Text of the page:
FDA for the first time approves plan to import drugs
The Food and Drug Administration on Friday approved a plan allowing Florida to import cheaper prescription drugs from Canada, opening the door for states to buy direct from pharmacies there to stock their state-run health programs.
Why it matters: The approval, the first of its kind, allows the Biden administration to show it's addressing a major voter concern in an election year but is likely to draw legal challenges from the pharmaceutical industry.
- Canadian officials have signaled they have no plans to participate in the process — and have already taken steps to prevent some medicines that are in short supply from being drained.
Go deeper: At least eight other states are seeking FDA approval to import some drugs or plan to.
- Any state receiving approval would have to take responsibility for ensuring imported medicines are safe and for relabeling products so they're consistent with FDA standards.
The FDA's greenlight ends a tussle between the agency and Florida Gov. Ron DeSantis' administration, which first applied for importation in late 2020 under the Trump administration and had sued the Biden administration, charging it was slow-walking the approval.
- "The FDA is committed to working with states and Indian tribes that seek to develop successful section 804 importation proposals," FDA Commissioner Robert Califf said in a statement on Friday.
- "These proposals must demonstrate the programs would result in significant cost savings to consumers without adding risk of exposure to unsafe or ineffective drugs."
- Florida initially aims to import drugs treating AIDS, hepatitis C and mental illness, among other conditions. The state has estimated it will save as much as $150 million per year through the program.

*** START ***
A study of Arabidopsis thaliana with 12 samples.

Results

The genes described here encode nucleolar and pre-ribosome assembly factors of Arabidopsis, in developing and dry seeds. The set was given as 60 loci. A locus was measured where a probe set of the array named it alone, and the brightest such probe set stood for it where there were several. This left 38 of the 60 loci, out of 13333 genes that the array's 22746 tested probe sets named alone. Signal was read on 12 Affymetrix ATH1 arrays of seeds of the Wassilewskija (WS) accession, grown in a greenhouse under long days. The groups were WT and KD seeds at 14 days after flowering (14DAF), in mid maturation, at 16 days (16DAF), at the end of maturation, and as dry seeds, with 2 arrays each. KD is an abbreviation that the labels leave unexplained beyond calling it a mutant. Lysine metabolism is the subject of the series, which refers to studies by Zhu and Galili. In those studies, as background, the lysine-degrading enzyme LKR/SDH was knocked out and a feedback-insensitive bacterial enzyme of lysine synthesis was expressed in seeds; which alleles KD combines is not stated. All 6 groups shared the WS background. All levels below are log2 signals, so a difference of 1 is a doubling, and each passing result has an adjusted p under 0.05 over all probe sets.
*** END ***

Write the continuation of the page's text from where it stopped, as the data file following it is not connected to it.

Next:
The big drug industry trade group PhRMA said on Friday that it was considering all options for preventing the plan from taking effect.
- "We are deeply concerned with the FDA's reckless decision to approve Florida's state importation plan," said the group's President and CEO Stephen Ubl.
- "Ensuring patients have access to needed medicines is critical, but the importation of unapproved medicines, whether from Canada or elsewhere in the world, poses a serious danger to public health."
The big picture: Importation has long been seen as a political winner, allowing states to take advantage of lower drug prices abroad without the need for direct action to limit prices in the U.S.
- But the Biden administration has staked out contradictory stances. It's supporting the idea in theory while arguing that it won't work in legal briefs filed in response to one drug industry trade group's legal challenge.
- Experts have said a more direct way to lower drug costs is having the government directly negotiate prices with manufacturers. The Inflation Reduction Act authorized Medicare to begin talks on a limited number of high-priced medicines, with the first negotiated prices set to be announced later this year.
What they're saying: "I think it's going to be hard for states to import drugs like that in any kind of scale that would make a difference in terms of lowering prices for patients," Harvard Medical School professor Aaron Kesselheim told the New York Times.
- "There is a yawning gap between the public enthusiasm for Canadian drug imports and the consensus view from experts that it's a daft approach," University of Michigan law professor Nicholas Bagley wrote on X.